The Travelling Scots

It’s not a myth that anywhere we go in the world Scots get a warm welcome. I’ve travelled quite a bit in the last few years while expanding my business, and I’ve always found this to be true – whether it’s travelling for a sporting event, a vacation, a sight seeing mission or a business trip – being Scottish in a foreign location is a great asset to have.

But of all the places in the world where I expected to find a strong Scottish connection – Kuwait would have been very near the bottom of the list. So here are all the things that surprised me about Kuwait in no particular order –

  1. It’s not a warzone
  2. It has a really built up City Centre and some extremely impressive sky scrapers
  3. It has fantastic mobile phone coverage, and you can get wifi signal even out in the desert
  4. A latte in Starbucks costs just under £6 – to be honest this one still shocks me
  5. It’s not actually a warzone!

So on top of all these surprises you can imagine just how happy I was when within an hour of arriving here I was told “ah I love your accent – it’s fantastic …….. I just love the Irish!!”

Ok so maybe not straight away I found the Scottish connection. But very soon after that it became apparent.

The Kuwaiti population are extremely well educated. It is commonplace for young Kuwaiti’s to study abroad and also attend Summer School, and Scotland is a highly sought after destination for this. They have their own Caledonian Society and the Chieftain of the Society is an extremely impressive Kuwaiti who attended University in Scotland and also sent his sons to be educated there. He spoke very fondly of the “dear green place” that I call home and from our conversation I began to see so many similarities between the Kuwaitis and the Scottish people.

We are both extremely warm and welcoming to guests and visitors – we love hosting a party (although the absence of Buckfast at the Kuwait parties did not go unnoticed) – we are fiercely proud of our heritage and of our country and even when surrounded by larger and stronger nations we manage to hold our own – we have a fantastic sense of humour and appreciate the good things in life – and above all we are family focused and extremely loyal.

On top of this we share a history of overcoming adversity, a trait that I think makes any small nation just that bit more patriotic. Kuwait celebrates it’s Liberation from the Iraq Invasion and it’s Independence from Britain on the same two days in February. It’s a fantastic celebration and the streets are filled with Kuwaitis and ex pats alike celebrating the history of this small but powerful country. It reminded me very much of the atmosphere in Glasgow City Centre when we proudly hosted the Commonwealth Games in 2014 and was yet another reminder of the similarities between our two nations.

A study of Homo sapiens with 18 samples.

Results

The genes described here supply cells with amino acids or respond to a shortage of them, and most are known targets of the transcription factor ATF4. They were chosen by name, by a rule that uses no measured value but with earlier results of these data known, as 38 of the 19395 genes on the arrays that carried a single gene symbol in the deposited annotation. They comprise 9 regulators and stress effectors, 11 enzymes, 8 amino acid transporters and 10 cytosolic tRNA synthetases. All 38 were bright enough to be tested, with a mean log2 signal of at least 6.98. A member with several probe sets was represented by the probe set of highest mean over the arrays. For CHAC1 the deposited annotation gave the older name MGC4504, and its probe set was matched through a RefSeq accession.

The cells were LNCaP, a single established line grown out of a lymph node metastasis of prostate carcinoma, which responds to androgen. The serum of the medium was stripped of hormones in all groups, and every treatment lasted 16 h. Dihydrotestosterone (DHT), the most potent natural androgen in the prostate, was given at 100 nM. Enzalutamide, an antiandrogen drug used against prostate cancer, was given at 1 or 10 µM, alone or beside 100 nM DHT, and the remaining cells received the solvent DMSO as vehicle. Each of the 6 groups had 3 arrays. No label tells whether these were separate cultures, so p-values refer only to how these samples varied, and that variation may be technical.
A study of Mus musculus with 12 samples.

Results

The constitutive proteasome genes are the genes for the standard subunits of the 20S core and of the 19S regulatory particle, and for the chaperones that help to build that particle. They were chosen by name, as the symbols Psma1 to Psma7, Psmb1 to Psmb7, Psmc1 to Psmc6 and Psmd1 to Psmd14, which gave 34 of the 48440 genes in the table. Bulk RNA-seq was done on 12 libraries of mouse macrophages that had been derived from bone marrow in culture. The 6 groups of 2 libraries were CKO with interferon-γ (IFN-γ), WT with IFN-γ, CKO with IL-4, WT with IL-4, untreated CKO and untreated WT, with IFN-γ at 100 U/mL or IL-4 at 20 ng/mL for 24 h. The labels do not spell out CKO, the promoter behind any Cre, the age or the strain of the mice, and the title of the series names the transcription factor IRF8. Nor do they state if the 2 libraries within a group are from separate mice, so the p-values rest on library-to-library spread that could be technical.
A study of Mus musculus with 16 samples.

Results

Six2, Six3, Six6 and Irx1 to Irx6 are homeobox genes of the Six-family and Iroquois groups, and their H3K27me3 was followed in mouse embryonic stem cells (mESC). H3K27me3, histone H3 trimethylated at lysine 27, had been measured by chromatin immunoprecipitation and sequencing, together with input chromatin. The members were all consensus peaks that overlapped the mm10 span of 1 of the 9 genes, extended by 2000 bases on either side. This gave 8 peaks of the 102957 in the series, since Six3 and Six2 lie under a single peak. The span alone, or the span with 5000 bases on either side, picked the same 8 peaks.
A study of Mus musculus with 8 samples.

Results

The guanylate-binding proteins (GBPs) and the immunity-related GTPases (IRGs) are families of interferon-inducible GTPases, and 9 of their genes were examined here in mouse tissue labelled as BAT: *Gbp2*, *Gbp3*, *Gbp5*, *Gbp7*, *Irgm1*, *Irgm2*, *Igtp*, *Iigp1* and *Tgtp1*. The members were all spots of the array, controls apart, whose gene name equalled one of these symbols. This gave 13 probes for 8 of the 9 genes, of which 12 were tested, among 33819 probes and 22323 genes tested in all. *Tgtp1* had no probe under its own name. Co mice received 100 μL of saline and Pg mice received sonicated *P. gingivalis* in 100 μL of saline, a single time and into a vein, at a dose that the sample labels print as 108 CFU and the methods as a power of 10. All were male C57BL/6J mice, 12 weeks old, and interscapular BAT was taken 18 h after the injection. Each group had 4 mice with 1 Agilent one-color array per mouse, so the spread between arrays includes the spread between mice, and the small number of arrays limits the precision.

And I think that really has to be one of the keys to successfully building a life for yourself in a new country. Learn what you can about the history, immerse yourself in the culture, speak to the locals and make an attempt to learn the language. Find out what makes you similar but likewise celebrate the unique qualities that make you different. Yes it’s important to find other ex pats when you travel and live abroad but it’s more important to try and make your new country your new home. Don’t focus on trying to make it exactly like your last home – or you may miss out on the beauty of exactly what it is that makes this new land unique and special.

Just beware of one small point though …… remember and speed your speech back up when the wheels hit the tarmac in Glasgow Airport. After a few months of trying to be understood in the Middle East you will find yourself back home in Glasgow sounding like a very good interpretation of a Kevin Bridges in Leamington Spa joke!

by Angela Morrison – Director – amiEXECUTIVE

Angela is speaking at the upcoming Scotsman Conference – Inspiring Growth: Alternative ways to take your business to the next level. To find out more, or to book your place click here.